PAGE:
Adventure on the Red River … A Vietnamese river cruise
Cox & Kings clients Anne & Jeff McCormack travelled to Vietnam, enjoying a cruise along the Red River on board the RV Angkor Pandaw.
We knew it would be quite an adventure and we weren’t disappointed!
With its shallow draft, the RV Angkor Pandaw is currently the only tourist ship on north Vietnam’s Red River and offers unrivalled experiences along its route. As a relatively new expedition, we accepted that the itinerary could change at any time due to local conditions, but that was all part of the excitement and anticipation. Serious flooding in the region the previous week had indeed threatened to alter our itinerary, though our fears were thankfully unfounded. Our thoughts were, however, very much with the people who had been so badly affected.
After an 11-hour flight we transferred to the legendary Sofitel Legend Metropole hotel in Hanoi for an overnight stay before meeting the other passengers for the two-hour coach ride to Hoa Binh to join the ship for our downstream adventure. With its 7 million people, a staggering 5 million motor bikes, tall narrow houses and fascinating Old Quarter, Hanoi was a marked contrast with the countryside villages we were about to visit and that were to be the highlight of our holiday.
RV Angkor Pandaw
The ship was small, bordering on the luxurious, with a maximum capacity of 32. With only 23 on board, everyone got to know each other very quickly and a ‘house party’ atmosphere soon developed. We were in the hands of charming and efficient crew members who looked after all our needs. There is not praise enough for our two young guides, Vu and Duke, whose knowledge, care and humour contributed significantly to our enjoyment, not to mention the task they set us of purchasing five vegetables in a village market, in Vietnamese of course. Not easy but we managed it! And we all soon learned the Vietnamese for hello: Xin chᾲo. In the context of a holiday, it is easy to forget the past, but informative films organised for us by the crew during the evenings kept us mindful of the horrors of the war.
Our first excursion involved a small boat ride on the beautiful Hòa Binh reservoir where we stopped off at our first village – just a few stilted wooden houses – and encountered that Vietnamese smile that was to greet us everywhere we went. A Buddhist temple in a cave was a surprising detour along the way and the Hòa Binh hydroelectric dam, the largest in south-east Asia, was a spectacular sight.
Local women in traditional dress
We were privileged to visit many local villages along the busy river, passing through rice fields where family members were once buried and where their monuments are still to be seen. Each village, specialising in different trades, including ceramics, carpentry, blacksmithing, soy sauce production and conical hat making, provided us with an insight into traditional craft techniques that have been passed on from generation to generation. We met with an elderly woman, whose gums were dyed bright red and her teeth blackened by years of chewing the beetle nut, and a 96-year-old man who was keen to share his home and give us presents.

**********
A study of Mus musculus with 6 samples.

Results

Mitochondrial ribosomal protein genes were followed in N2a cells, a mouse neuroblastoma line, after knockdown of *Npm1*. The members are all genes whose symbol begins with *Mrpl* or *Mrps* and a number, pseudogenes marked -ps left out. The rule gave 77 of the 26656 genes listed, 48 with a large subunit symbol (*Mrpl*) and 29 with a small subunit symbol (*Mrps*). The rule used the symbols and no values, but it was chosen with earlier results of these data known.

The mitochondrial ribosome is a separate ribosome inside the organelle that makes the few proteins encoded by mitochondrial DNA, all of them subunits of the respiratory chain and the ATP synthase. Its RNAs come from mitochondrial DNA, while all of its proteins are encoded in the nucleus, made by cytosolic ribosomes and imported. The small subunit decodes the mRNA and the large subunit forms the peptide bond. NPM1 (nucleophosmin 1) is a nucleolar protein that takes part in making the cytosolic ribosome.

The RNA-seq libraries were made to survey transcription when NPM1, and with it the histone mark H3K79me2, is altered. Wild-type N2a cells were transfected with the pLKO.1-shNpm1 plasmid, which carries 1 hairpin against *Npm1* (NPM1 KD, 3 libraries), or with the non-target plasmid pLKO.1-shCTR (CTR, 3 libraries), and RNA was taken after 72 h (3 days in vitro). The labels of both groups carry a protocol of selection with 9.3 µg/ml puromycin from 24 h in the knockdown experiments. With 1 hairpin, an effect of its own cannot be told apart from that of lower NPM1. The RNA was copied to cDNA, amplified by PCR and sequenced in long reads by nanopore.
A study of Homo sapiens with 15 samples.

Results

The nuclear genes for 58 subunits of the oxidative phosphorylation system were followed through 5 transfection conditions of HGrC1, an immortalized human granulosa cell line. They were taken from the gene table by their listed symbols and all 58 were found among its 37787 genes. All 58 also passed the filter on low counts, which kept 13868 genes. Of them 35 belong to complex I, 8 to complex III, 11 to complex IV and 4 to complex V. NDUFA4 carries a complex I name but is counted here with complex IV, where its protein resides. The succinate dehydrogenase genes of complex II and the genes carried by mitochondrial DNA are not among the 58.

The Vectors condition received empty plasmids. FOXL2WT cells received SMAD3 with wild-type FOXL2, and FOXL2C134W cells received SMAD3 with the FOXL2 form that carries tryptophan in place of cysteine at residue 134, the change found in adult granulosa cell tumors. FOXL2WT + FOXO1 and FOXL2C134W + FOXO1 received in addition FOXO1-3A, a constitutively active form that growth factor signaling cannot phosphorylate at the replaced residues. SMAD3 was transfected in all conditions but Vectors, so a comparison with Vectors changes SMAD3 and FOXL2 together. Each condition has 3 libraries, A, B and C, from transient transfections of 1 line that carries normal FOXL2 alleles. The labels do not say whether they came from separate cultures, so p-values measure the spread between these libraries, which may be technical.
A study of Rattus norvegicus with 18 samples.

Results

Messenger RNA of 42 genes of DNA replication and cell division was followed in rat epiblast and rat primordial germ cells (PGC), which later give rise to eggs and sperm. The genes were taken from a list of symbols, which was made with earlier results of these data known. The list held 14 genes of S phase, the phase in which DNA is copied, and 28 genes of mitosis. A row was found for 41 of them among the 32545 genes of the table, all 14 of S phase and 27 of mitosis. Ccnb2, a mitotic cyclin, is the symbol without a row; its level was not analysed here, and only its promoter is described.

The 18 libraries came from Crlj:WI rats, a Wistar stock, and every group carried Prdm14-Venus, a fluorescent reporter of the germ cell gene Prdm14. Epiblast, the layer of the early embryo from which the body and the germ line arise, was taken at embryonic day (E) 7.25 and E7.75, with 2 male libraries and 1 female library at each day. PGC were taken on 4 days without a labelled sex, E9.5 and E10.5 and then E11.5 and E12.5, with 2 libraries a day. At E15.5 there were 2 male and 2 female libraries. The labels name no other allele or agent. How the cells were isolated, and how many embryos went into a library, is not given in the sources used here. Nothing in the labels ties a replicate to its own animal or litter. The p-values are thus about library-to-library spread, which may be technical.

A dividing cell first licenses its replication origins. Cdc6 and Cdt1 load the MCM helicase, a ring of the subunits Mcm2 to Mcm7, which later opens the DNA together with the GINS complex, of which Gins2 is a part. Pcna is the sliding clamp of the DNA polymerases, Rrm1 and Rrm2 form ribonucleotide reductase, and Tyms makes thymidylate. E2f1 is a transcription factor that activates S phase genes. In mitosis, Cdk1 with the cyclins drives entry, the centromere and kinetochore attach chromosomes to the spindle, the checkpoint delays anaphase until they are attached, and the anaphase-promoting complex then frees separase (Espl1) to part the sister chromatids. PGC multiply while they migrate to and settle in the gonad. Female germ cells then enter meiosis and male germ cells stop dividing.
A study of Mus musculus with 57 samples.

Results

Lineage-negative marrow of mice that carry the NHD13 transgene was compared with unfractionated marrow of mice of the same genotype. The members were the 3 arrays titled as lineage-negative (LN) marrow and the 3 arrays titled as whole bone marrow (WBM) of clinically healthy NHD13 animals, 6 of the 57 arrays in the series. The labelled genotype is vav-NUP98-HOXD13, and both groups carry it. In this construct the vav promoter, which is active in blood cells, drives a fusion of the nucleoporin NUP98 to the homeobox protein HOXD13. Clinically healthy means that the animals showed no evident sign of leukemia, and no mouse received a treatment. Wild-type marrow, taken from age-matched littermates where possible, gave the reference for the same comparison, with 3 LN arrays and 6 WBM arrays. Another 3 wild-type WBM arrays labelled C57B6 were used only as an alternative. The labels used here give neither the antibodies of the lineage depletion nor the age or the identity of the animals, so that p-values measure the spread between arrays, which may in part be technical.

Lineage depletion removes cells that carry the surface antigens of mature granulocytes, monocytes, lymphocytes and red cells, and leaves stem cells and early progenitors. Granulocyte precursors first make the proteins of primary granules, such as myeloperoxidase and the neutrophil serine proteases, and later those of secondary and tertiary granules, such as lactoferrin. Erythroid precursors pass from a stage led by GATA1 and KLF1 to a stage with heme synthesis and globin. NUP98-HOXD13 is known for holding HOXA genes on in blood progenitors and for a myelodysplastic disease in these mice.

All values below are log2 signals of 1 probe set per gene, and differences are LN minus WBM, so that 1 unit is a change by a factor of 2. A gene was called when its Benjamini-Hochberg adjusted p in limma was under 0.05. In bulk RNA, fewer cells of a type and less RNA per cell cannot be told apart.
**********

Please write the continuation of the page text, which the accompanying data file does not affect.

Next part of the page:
Both on the ship and in the villages we were treated to colourful dance and song performances, including a lion dance and a traditional Vietnamese water puppet show with local children who joined us for the occasion. The ship also arranged for us to visit a number of homes so we could talk with local families and ask questions about their daily life. Everywhere we went we were served with green tea and rice wine and made very welcome. It goes without saying that we politely avoided their ‘special’ rice wine: displayed in large bottles in a number of houses, this type of rice wine contains a snake – supposedly beneficial for the health! We also sincerely hope that the enthusiastic owner of a private museum that we visited in the hills will be able to find a long term solution to its survival: as the younger generations lose interest in the traditional ways of life and move to the city, fewer people are left to ensure small but essential enterprises such as these continue.
A second chance to see Hanoi again later on the tour gave us an opportunity to visit the fascinating Temple of Literature (historical centre of learning), the lakes and the Ho Chi Minh Mausoleum (from the outside as it was closed for its annual renovation). Shopping in the Old Quarter by cyclo was quite an experience and crossing the street was almost impossible!
As we cruised nearer Halong Bay we became aware of other tourists – we had been on our own up until then – but a truly spectacular sight met us as we reached Halong Bay in time for sunset. Whether in sun or cloud, the view of around 2,000 extraordinary limestone islands, formed over 20 million years ago, couldn’t fail to impress and provided a climax to the whole tour. Before we left, a visit to a floating fish farm in the bay provided our chef with a huge fish for our last dinner! As we moved nearer to our port for disembarkation, new hotel developments indicated how popular the area is becoming as a tourist destination.
The noisy, bustling capital of Hanoi with its traffic jams and millions of motor bikes; traditional rural life along the Red River and the smiling, welcoming people; and the remarkable landscapes of Halong Bay … we enjoyed fascinating and varied experiences and we will not forget in a hurry the friendships we made.
Thank you to Cox & Kings and Pandaw for a remarkable holiday.
Traditional Hat Xoan singing and dancing
Find out more about Cox & Kings’ river cruises in Vietnam here.